NATO Must Plan For Future Role, Robertson Tells Ministers
By Gerry J. Gilmore
American Forces Press Service
WARSAW, Poland, Sept. 24, 2002 The Cold War is over and NATO must now plan and prepare for 21st century challenges such as terrorism, the alliance's senior leader said here today.
Kicking off two days of informal defense ministerial meetings, Secretary-General George Robertson remarked to defense ministers, diplomats and senior military from NATO's 19 member nations that the world has changed since the Sept. 11, 2001, terrorist attacks on the United States.
Robertson made it clear he believes terrorism not only threatens the United States, but also represents a serious threat to the alliance -- and to the world.
NATO held ceremonies two weeks ago at its headquarters in Brussels, Belgium, to commemorate the one-year anniversary of the attacks. The observances provided an occasion, Robertson said, "to express our sorrow, but also to reaffirm our complete solidarity in the fight against terrorism."
However, he noted that if there is a time to grieve for loss and for remembrance, there is also "a time, in the face of menace, for planning and for strategy."
As the November NATO Summit nears, Robertson urged members to think about the alliance's role in the future. An important part of that role will be "protecting our citizens from criminal terrorists and criminal states -- especially when they are armed with weapons designed for massive and indiscriminate destruction," he said.
NATO played a key role in defeating Cold War threats, Robertson pointed out. Today, he continued, NATO's aim "must be to maintain the will and the capabilities to deter those 21st century threats where possible, to root them out and destroy them where deterrence has broken down, to defend our forces and our people from attacks of all kinds, and in the worst cases, to make the best use of our military capabilities in dealing with the consequences of future aggression against us."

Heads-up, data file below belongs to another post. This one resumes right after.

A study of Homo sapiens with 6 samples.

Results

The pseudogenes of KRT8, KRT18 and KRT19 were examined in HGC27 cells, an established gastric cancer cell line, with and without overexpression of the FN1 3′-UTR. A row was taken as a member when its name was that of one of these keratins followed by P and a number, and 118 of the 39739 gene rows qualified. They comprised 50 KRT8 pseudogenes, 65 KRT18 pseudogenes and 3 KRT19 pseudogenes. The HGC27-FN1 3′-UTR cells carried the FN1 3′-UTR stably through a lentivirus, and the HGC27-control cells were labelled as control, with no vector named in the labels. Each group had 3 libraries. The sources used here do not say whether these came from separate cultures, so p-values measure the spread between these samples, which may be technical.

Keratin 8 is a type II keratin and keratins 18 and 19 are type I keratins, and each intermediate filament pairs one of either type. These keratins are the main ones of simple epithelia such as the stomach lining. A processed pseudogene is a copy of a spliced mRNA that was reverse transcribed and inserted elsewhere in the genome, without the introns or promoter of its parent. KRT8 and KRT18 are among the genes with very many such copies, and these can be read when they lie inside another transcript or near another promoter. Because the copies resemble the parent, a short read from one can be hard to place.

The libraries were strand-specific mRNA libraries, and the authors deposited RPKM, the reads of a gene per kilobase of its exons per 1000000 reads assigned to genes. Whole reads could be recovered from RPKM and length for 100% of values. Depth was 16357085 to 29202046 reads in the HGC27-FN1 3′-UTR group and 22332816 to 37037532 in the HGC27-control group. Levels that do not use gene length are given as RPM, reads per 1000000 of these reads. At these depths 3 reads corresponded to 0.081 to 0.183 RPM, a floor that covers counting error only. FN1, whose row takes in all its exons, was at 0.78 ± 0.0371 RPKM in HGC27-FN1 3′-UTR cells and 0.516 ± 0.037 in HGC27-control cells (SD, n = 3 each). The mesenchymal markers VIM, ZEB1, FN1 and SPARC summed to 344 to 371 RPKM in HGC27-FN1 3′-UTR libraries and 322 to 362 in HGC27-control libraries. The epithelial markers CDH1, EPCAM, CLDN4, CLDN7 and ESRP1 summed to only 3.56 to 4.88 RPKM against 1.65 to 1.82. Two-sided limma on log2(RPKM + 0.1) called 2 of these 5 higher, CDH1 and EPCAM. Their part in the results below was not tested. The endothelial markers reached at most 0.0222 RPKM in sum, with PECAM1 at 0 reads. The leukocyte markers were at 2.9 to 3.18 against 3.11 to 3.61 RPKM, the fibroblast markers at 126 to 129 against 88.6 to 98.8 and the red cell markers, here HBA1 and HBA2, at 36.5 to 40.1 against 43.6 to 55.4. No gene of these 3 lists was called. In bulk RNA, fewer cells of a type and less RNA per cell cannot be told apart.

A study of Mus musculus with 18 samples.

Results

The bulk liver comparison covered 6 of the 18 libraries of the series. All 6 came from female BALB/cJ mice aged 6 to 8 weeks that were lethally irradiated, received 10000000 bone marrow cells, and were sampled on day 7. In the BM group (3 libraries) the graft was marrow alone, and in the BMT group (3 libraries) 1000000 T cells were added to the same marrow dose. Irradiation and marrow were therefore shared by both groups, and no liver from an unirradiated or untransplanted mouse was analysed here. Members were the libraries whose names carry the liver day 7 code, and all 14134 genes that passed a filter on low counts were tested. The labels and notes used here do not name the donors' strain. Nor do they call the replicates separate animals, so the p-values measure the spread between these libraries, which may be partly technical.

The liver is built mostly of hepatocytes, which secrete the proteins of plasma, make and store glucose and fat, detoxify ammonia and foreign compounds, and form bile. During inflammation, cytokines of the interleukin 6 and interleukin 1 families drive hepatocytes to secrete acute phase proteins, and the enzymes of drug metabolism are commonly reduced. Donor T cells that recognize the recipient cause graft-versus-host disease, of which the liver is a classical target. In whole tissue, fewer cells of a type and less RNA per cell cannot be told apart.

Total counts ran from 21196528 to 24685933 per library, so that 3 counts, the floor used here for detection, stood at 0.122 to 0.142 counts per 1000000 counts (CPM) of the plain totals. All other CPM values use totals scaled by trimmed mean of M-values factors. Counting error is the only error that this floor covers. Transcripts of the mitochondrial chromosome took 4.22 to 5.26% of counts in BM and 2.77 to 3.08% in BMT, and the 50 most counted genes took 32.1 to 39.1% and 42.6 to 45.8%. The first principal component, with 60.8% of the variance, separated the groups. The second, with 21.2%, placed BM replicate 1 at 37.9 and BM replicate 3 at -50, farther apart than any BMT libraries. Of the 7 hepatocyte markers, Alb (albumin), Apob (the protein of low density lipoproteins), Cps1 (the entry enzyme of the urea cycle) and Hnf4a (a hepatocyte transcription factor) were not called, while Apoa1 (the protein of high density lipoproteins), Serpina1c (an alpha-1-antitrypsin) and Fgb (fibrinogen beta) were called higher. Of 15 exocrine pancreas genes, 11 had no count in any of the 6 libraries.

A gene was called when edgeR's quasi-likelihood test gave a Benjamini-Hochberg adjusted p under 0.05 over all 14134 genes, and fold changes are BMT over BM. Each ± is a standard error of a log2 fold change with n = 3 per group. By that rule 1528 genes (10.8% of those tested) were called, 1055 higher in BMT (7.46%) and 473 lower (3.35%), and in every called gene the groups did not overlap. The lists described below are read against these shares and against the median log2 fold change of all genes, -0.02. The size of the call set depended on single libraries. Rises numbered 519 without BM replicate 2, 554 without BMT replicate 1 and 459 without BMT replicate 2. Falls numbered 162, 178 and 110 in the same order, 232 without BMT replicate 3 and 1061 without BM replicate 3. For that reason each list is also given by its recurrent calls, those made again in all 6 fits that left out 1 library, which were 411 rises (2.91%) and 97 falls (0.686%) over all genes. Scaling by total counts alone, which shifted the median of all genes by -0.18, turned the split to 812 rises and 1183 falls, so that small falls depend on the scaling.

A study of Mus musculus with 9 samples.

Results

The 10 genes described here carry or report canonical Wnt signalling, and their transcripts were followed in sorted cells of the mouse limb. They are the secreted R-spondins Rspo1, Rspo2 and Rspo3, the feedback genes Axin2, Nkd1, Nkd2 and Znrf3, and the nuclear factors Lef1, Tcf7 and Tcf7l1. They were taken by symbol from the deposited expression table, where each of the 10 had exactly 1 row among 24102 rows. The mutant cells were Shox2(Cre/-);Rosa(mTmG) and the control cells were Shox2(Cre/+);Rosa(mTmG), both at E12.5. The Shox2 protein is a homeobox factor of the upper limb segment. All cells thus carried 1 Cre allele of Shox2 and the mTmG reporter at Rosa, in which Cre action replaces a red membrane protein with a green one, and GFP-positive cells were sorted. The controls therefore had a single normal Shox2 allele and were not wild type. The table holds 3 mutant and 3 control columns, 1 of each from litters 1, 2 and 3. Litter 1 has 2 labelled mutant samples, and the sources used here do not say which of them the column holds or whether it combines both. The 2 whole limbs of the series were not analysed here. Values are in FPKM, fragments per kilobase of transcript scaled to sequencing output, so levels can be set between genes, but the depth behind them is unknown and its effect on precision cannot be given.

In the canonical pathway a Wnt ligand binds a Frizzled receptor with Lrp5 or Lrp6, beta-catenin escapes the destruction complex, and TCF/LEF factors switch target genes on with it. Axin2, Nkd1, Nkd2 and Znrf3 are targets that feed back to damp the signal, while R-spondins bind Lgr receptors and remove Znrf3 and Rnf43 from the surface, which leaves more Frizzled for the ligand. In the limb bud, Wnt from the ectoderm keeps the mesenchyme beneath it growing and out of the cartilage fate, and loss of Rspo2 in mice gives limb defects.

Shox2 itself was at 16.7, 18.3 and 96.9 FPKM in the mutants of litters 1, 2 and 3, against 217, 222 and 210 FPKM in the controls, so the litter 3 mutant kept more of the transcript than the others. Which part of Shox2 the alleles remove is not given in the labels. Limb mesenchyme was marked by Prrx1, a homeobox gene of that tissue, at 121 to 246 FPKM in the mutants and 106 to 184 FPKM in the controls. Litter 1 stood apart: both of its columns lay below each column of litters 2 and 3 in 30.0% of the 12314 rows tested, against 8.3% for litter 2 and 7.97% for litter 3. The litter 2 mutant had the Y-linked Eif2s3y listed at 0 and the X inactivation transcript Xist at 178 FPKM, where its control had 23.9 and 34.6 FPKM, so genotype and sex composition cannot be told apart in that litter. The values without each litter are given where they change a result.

Like the U.S. military, Robertson noted that NATO must transform itself so it can "play an equally pivotal part in the war against terrorism and the dangers of weapons of mass destruction."
Having members commit to acquiring improved military capabilities and streamlining command and headquarters structure would enable NATO "to deal effectively with today's threats rapidly and efficiently," the secretary- general noted. This statement seemed to refer to U.S. Defense Secretary Donald H. Rumsfeld's upcoming proposal for NATO to establish a rapid reaction force.
U.S. defense officials have been saying the past few days that such a force would possibly be organized and equipped to deploy outside NATO's traditional European area of operations. Rumsfeld is slated today to update NATO officials on Iraq.
"So, colleagues, we have much work ahead of us today and tomorrow," Robertson noted.